Maryland Natural Resources Police Remind Marylanders to Practice Water Safety
Maryland’s boating and swimming season is in full swing and the Maryland Natural Resources Police is urging Marylanders to take proper precautions to ensure safe enjoyment of Maryland’s waterways this summer.
So far this year, Maryland Natural Resources Police have responded to more than five boating-related deaths and eight non-boating related drownings, including four fatal incidents during the July 4 holiday weekend.
“Maryland is one of the nation’s leading destinations for summertime water recreation,” Maryland Department of Natural Resources Secretary Josh Kurtz said. “With the increased enjoyment of our waterways, state parks, rivers, and streams, it is essential that residents and visitors adhere to safety protocols and regulations that keep our recreational waterways safe and enjoyable for everyone.”
The Department of Natural Resources offers a number of online safety resources, including online Boating Safety Courses, State Regulations for Recreational Vessels, and Swimming Safety tips. Natural Resources Police and Park Rangers urge boaters and swimmers to adhere to state and local boating laws, follow water safety protocols, be cautious, and use common sense when enjoying recreational activities on Maryland’s waterways.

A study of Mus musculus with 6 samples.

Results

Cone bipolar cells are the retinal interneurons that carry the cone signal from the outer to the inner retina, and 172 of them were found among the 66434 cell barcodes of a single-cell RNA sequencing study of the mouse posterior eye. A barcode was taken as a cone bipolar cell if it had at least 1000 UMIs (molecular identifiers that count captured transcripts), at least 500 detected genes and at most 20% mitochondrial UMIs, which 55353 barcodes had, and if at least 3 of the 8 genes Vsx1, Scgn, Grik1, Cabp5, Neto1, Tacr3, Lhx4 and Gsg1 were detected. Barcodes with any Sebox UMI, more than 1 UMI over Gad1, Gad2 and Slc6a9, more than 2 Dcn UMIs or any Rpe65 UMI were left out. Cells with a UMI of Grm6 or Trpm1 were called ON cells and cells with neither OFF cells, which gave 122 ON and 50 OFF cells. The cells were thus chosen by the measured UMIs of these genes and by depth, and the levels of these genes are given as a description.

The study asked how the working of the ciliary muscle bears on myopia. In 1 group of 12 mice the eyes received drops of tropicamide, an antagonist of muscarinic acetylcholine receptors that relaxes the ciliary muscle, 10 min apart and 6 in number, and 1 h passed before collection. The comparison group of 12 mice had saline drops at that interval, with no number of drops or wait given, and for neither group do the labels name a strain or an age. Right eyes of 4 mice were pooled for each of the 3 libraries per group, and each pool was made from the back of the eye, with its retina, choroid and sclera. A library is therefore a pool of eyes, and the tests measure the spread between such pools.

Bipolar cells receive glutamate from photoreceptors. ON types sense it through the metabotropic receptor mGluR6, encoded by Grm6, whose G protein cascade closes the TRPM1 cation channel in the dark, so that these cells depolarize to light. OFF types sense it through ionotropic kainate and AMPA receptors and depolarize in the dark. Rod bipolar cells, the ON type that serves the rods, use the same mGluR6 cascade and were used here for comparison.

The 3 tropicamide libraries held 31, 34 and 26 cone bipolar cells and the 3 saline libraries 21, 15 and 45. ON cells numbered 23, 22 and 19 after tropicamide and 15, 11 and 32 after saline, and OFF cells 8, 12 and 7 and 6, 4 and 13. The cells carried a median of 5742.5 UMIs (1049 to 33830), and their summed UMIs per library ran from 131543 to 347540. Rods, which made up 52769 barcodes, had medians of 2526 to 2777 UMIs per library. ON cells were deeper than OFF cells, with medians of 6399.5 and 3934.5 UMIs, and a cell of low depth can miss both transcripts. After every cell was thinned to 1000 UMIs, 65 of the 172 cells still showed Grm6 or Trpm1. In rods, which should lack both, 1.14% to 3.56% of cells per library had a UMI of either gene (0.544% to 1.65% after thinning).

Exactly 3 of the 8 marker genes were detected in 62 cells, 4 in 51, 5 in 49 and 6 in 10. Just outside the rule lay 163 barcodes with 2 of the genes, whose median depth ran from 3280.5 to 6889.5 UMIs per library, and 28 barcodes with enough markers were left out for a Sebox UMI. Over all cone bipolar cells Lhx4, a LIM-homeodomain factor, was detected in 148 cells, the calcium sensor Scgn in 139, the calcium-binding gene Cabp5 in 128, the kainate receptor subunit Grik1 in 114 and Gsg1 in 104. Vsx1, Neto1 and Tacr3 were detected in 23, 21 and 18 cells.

Boaters can be safer on the water by wearing life jackets that fit properly, not drinking alcohol, and by following speed and navigation rules. Swimmers in and visitors to lakes, rivers, and streams should avoid fast-moving water, take extreme caution when stepping on wet and slippery rocks, avoid swimming alone, swim sober, and stay far away from hazards such as dams or waterfalls.
Visitors to our state parks and other recreational facilities are reminded to avoid areas where swimming or boating is strictly prohibited.
“Public safety remains our agency’s main priority, and to ensure safety, officers will be conducting boating safety patrols in addition to engaging waterway users in conversations and education,” said Maryland Natural Resources Police Captain Catherine Medellin.